Drake State recently sent a team of students, faculty, administrators and University Partners from Alabama A& M University to the National Science Foundation’s HBCU-UP National Research Conference. When the team returned, the college had received national recognition for its faculty’s positive academic outcomes using NSF Grant Funds and a 3rd place award for the creation of “An Intelligent Cane for the Visually Impaired”.

The Conference was sponsored by the National Science Foundation (NSF) in conjunction with the Historically Black College and University’s Undergraduate Programs to honor research advancements in the college and university community. Drake State was the only two year college from the United States which presented a research paper at the conference. Grants from The National Science Foundation are one of the largest funding sources for research at colleges and universities.

The Industrial Electronics Program at Drake State has boasted National Skills USA Finalists and has several outstanding graduates working in the fields of Engineering and Information Technology. Now the program can add National Finalist from the NSF HBCU-UP Conference. Mr. Doug Hilton was honored for his oral presentation for the development of “An Intelligent Cane for the Visually Impaired”. Hilton was assisted by fellow industrial electronics student Demetrius Brown. James Pleasure, adjunct industrial electronics Instructor and Karl Henry, Engineering Division Chair/Electronics Instructor supervised the project. The “intelligent cane” represents a state of the art application of embedded technology in the field of electronics. The “intelligent cane” serves as a platform by which eight peripheral devices are able to interact and communicate allowing for the operation of such devices as GPS Tracking, Ranging Sensors (which tell how close or far away an item is) e-911 or an accelerometer (which senses how fast an item is moving and can emit a signal if the item lies dormant for a specified period allowing for its location).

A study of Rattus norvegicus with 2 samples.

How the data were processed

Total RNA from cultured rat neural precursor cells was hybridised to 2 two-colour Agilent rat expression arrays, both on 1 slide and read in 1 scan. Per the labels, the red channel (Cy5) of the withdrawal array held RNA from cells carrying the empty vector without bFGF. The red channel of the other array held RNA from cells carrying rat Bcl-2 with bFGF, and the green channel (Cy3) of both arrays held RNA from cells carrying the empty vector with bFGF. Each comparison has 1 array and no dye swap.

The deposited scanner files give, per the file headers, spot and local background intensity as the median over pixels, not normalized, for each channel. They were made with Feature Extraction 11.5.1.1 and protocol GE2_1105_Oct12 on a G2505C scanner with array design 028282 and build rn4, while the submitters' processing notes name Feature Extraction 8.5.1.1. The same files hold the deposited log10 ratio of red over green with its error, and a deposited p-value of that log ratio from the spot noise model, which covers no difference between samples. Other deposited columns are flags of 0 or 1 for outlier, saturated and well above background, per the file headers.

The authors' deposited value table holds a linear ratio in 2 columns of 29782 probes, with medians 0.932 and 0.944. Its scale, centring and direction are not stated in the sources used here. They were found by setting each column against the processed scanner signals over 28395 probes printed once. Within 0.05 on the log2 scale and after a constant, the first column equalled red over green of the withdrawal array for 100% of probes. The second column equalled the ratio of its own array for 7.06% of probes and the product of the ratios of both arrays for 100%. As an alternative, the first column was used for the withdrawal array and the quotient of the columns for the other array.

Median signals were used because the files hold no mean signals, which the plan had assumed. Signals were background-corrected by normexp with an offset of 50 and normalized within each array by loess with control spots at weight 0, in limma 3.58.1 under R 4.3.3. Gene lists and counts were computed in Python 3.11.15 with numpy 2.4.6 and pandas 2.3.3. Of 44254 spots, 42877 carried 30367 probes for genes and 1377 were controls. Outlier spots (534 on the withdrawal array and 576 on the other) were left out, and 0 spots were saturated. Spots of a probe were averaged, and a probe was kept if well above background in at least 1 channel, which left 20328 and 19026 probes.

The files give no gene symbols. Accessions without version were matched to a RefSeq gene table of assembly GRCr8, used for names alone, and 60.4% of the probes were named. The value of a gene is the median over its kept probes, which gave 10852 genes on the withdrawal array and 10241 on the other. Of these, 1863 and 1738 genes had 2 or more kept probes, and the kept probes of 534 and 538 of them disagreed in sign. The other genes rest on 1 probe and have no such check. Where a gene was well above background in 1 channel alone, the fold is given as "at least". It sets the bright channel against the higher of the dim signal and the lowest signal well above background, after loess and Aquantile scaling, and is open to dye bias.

Hilton says he was challenged by Henry to create something that would demonstrate the capabilities of the new PIC Microcontroller and FPGAs he was working with. Having worked with Amateur Radio operators who are blind, Hilton decided to create something that would allow people with special needs to utilize their other heightened senses.

“I visualized an information provider that would help them navigate and plug into some of what we take for granted because we are sighted,” says Hilton. “I believe the hardware and software that we’re building will be usable in wheelchairs, walkers and electric carts to improve the quality of life for many people.”
Development on the “Cane” doesn’t end with the NSF Award. The goal is to enlist a potential user of the cane and allow their input to guide what devices or actions would be most beneficial for the “cane” to perform.

The presentation not only resulted in a 3rd place finish for the student presenter, but also allowed Drake State to entertain partnership requests from the University of California-Berkley Lawrence Research Laboratories, the University of Pennsylvania and Spelman College. The Cal Berkley partnership could result in up to four summer internships for Drake State students to attend University of California Summer Workshops.

In addition to the accolades bestowed on the Industrial Electronics Program, Emma White, a participant in the Drake State Adult Summer Bridge Program, also invited to present a research project. “A Comparative Research of the Effects of Alpha and Ultraviolet Radiation on the Growth of Aspergillus Niger in a Simulated Aerospace Environment” was the research she conducted. Aspergillus niger is a fungus that was discovered growing in the vacuum of space on the Russian Mir space station. Ms. Khalilah Burton assisted Ms. White as her technical advisor.

Additionally, faculty members Burton, Henry and Carolyn Henderson served as subject matter judges for oral and poster presentations with Burton and Henry selected as judging session chairs. Henry also served on a panel which presented “Lessons Learned: Technology-Based Programs and Curricula”. Henry and Dr. John Reutter presented un-judged poster sessions describing success stories of Drake’s NSF Sponsored Strategic Plan for Expansion, Enhancement and Development of Undergraduate Programs (SPEED-UP). Through the SPEED-UP Program Drake State provides summer educational opportunities for high school students, adult learners and secondary school educators to acquaint them with post secondary technical education. SPEED-UP also assists Drake in developing curriculum for STEM (Science, Technology, Engineering & Math) courses offered by the college.